Developing resilience is essential for winning the fight to prevent Alzheimer’s dementia and improve cognitive function.
Resilience and health
Resilience is an essential factor in preventing Alzheimer’s dementia. So, let’s consider why this quality plays such a critical role in your cognitive and overall physical health.
Resilience can help you survive the detrimental impacts of numerous health conditions. Sadly, some of these develop incrementally and can take years before symptoms fully present. Fortunately, you can reduce or even reverse the effects of these conditions if you have the willingness to adapt your lifestyle as early as possible.
Alzheimer’s dementia and other cognitive diseases often call for self-directed interventions. Many of these interventions involve changes in lifestyle, requiring you to adapt to new routines and habits.
Imagine what could happen if you consistently add what is healthy and eliminate what is unhealthy to your body and brain. Undoubtedly, your efforts will result in better physical and cognitive health.
Resilience and your ability to adapt
However, there remains the question of your resilience. Do you have the mindset necessary to make changes that would prove beneficial to your health? In other words, “Do you have the capacity to adapt to a new, healthier lifestyle?”
People who lack resilience find such changes difficult, even if it is to prevent detrimental outcomes. Instead, they accept these outcomes as inevitable and surrender to the results.
According to the American Psychological Association, “Resilience is the human ability to adapt in the face of tragedy, trauma, adversity, hardship, and ongoing significant life stressors.” I can certainly understand how concerns about a family history of Alzheimer’s dementia, caring for a family member with the disease, or experiencing symptoms ourselves would qualify as life stressors.
I can assure you that you do have the ability to change your health outcomes for the better. Furthermore, you can develop the resilience you need to adapt to your new lifestyle fully. One that supports better cognitive function and prevents Alzheimer’s dementia.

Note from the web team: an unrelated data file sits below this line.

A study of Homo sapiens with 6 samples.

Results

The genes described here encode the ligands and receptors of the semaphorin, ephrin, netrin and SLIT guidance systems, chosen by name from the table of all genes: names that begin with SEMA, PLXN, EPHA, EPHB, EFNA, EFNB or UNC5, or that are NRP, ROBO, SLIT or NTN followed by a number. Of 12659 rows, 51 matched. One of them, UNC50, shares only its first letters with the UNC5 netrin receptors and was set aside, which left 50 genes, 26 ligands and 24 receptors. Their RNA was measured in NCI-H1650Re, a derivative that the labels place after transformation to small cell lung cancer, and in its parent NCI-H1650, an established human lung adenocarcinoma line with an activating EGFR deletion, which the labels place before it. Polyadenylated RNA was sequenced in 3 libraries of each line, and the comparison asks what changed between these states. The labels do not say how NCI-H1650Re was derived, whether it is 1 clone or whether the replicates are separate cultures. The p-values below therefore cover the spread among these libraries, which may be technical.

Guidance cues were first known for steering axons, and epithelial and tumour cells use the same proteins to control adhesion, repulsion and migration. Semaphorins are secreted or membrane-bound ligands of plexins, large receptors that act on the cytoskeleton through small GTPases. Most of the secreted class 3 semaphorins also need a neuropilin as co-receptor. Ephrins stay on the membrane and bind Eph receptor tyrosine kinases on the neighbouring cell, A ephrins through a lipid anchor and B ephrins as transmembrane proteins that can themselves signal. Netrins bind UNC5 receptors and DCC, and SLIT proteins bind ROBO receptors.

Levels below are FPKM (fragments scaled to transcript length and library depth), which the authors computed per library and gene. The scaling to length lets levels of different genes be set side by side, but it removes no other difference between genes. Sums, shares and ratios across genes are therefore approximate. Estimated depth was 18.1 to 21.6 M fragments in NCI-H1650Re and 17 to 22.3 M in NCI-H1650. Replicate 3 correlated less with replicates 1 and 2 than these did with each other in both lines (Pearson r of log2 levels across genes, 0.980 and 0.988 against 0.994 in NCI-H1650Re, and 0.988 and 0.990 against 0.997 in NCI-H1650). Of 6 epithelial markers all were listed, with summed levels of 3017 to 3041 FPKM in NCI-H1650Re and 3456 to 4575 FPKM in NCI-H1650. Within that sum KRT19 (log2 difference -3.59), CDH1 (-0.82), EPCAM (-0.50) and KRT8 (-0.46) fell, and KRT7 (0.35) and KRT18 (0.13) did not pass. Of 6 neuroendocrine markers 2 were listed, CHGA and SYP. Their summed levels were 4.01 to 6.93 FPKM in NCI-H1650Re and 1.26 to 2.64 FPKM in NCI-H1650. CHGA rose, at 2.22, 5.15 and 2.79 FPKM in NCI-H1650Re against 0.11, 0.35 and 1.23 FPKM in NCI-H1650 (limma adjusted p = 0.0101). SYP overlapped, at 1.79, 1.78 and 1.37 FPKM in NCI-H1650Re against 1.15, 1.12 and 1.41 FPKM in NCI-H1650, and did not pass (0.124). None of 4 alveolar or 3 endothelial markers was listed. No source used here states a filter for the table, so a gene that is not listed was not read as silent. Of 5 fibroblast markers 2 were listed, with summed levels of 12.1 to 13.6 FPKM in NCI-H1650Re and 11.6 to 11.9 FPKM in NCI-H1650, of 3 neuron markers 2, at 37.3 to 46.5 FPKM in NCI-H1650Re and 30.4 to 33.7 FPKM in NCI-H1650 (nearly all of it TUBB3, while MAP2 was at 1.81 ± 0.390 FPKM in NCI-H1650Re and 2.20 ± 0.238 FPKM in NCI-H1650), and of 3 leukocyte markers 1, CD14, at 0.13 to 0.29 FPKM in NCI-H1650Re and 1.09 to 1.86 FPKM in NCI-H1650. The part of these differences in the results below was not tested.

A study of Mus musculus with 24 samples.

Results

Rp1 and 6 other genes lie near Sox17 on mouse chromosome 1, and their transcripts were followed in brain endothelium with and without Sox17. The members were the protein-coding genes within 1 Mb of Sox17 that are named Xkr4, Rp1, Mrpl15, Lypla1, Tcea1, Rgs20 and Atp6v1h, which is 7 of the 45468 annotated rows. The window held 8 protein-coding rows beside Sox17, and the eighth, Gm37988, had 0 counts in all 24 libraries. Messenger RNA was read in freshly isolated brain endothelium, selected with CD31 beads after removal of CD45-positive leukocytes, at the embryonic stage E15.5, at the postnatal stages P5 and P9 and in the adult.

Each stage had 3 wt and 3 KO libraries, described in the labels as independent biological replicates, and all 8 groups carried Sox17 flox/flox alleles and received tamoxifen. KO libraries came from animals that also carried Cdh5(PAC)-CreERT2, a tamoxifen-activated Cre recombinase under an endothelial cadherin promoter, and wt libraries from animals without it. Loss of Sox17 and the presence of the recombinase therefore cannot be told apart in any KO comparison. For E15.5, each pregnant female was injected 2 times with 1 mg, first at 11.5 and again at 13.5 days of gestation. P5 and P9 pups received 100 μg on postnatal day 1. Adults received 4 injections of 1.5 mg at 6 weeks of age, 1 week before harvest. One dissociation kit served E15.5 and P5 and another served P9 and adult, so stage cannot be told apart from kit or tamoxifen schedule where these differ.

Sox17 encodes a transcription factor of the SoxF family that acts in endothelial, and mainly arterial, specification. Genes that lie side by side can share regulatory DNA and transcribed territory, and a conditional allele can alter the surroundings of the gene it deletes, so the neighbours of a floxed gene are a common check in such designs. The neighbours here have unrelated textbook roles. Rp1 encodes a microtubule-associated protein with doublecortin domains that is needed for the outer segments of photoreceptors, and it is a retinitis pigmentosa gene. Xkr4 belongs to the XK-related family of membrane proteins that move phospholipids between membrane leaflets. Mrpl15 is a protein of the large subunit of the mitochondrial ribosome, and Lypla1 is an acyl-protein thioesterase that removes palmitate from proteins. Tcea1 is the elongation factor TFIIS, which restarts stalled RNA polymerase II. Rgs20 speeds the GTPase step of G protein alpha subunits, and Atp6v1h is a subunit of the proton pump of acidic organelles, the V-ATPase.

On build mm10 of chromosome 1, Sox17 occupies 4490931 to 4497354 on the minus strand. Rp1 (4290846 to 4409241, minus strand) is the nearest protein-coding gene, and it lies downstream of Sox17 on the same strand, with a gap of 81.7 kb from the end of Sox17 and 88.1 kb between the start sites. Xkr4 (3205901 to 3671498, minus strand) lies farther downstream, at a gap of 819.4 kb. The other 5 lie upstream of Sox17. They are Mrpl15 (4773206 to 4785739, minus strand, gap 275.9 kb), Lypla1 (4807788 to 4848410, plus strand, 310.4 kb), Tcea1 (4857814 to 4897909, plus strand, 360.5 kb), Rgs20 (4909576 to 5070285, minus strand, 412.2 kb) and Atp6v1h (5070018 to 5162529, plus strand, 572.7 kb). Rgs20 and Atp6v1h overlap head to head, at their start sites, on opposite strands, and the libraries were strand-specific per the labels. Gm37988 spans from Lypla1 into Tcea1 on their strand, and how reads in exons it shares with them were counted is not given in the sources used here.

I believe in your ability to improve your health
In a February post, I shared my story of the changes I made to improve my health. By adapting to a new, healthier lifestyle, I experienced positive outcomes in my physical health and my cognitive abilities.
As a practicing ER physician, I witness those who demonstrate resilience as they adapt to what is necessary to deal with trauma and disease. The changes they make help them survive their challenges. They thrive as they discover new opportunities and find greater satisfaction with their lives. Sadly, I’ve seen a lack of resilience limit the progress of too many patients, resulting in their unwillingness to make lifestyle changes.
Therin lies one of the most significant obstacles to change. When we do anything we can to avoid change, we end up doubting our capacity to do so when it’s essential.
It is tempting, in the face of adversity, to surrender to what appears to be an inevitably poor outcome. Nevertheless, when faced with a choice between “bad” and the hope of “better,” we can muster the resilience necessary to move toward the hope of improvement.
Unquestionably, you have the capacity for resilience and the ability to change. Moreover, the sooner you choose to adapt and make necessary lifestyle changes, the sooner you can begin winning the fight to prevent Alzheimer’s dementia. Furthermore, you will improve cognitive function and eliminate other risks to your overall health.
For example, you can improve your physical and cognitive health by adapting your lifestyle to address seven modifiable lifestyle factors:
- Eating healthy food
- Moving more (exercise)
- Improving your sleep
- Decreasing stress
- Detoxifying your air, water, and environment
- Improving your social connections (finding ways to stay in contact with others)
- Increasing your sensory and mental stimulation
More resources are available to support your efforts
I recognized the essential role of resilience when I wrote the book Dementia Action Plan: Give Your Brain a Fighting Chance. The book provides many resources to support your efforts in preventing Alzheimer’s dementia and improving your brain health.
Additionally, numerous articles and video resources are available on our website at interactwellcare.com.
As you demonstrate resilience, the changes you make will not only help you survive your health challenges; they will give you a sense of inner strength and improvements in your cognitive function. Undoubtedly, better brain health will better enable you to hold on to your memories.
Your memories define the person you have become. They are the record of your loved ones and the pivotal moments that determined the course of your life. Indeed, these memories are worth your efforts to adapt to a healthier life.